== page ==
Champagne Valentine and the Icelandic Design Centre hosted a well-attended and thought-provoking workshop, featuring CAOZ’s Hilmar Sigurdsson on the panel and discussing the relevance of interactivity and engaging new technologies in creating original sensory experiences for brands. The visionary Champagne Valentine were the perfect people to open up questions about how to reach out to people who wouldn’t otherwise be attracted by ‘technology’ per se, but are magnetised by beauty, good ideas, humanity – bringing the two together is the key to finding, and keeping, an audience.
Champagne Valentine’s Anita Fontaine suggested that, “as opposed to making experiences for the wealthy, which is what we do, we create work for those who can afford to look at it, why not have a brand sponsoring experiences” that can bring people together and reach out further.
CV’s Geoffrey Lillemon said that they aren’t always paid as much as people think for their work for large brands, particularly if the work demands a lot of their own out-lay. “You have to make something nice to prove you can do something for money.” Fontaine: “We want to make everything we do the best possible product, our name is on it. But that sometimes means we spend too much time on things.”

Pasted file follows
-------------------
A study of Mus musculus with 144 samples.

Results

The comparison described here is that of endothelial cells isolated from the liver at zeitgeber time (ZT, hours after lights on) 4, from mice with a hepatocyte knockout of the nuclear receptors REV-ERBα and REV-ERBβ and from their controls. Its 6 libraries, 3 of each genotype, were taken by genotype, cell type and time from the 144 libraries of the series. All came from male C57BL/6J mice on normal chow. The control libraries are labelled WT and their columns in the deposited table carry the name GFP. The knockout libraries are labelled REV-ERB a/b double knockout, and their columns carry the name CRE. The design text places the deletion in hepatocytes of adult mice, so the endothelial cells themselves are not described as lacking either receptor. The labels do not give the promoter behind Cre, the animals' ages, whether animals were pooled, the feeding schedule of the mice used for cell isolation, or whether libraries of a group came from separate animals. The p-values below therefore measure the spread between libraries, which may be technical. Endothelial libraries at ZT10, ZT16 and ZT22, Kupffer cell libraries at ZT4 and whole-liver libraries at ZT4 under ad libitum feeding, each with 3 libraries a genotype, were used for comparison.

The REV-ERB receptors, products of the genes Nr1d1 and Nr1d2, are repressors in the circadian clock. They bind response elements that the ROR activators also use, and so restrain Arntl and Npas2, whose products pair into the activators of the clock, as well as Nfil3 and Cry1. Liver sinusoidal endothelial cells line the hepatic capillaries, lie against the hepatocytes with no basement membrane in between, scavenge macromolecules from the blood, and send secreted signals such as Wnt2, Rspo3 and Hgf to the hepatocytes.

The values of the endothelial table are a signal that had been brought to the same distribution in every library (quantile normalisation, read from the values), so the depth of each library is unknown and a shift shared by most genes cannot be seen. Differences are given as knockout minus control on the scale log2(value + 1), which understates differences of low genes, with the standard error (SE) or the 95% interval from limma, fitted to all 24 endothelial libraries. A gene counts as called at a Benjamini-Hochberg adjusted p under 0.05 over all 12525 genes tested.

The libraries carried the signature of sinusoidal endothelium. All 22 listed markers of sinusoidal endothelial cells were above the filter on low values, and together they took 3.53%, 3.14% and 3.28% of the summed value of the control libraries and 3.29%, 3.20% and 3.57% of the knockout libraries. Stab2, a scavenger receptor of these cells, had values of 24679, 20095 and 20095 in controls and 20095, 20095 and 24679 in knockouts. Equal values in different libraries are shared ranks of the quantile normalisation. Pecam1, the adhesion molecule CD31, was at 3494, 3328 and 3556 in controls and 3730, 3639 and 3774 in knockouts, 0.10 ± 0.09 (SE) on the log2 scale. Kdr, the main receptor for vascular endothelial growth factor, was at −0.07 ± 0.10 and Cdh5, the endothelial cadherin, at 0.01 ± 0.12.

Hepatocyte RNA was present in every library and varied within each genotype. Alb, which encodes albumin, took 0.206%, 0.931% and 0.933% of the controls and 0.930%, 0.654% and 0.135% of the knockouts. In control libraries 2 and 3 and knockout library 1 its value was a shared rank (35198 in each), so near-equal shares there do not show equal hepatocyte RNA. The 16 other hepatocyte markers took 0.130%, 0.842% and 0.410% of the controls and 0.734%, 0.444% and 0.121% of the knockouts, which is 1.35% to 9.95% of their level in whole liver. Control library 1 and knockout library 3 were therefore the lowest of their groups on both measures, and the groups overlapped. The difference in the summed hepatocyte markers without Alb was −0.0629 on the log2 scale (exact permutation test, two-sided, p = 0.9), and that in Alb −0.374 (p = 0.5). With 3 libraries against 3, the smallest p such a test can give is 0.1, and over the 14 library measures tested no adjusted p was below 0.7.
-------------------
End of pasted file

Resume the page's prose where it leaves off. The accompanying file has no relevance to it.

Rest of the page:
Sigurdsson expressed his concern for the social problem created by technology, despite the ‘interactivity’ aspect. “Technology is distancing us – you see people in the same room but o
n screens. There have never been more lonely people in the world, in the Western hemisphere at least.” Ultimately it’s vital to find a way around that, to bring people together rather than separate them.
Fontaine and Lillemon mused on the concept of holograms… and put it out there that maybe someone in the room was a hologram, maybe we are all holograms, maybe indeed nothing was real at all, prompting an unexpected existentialist tangent that raised a smile and closed the session.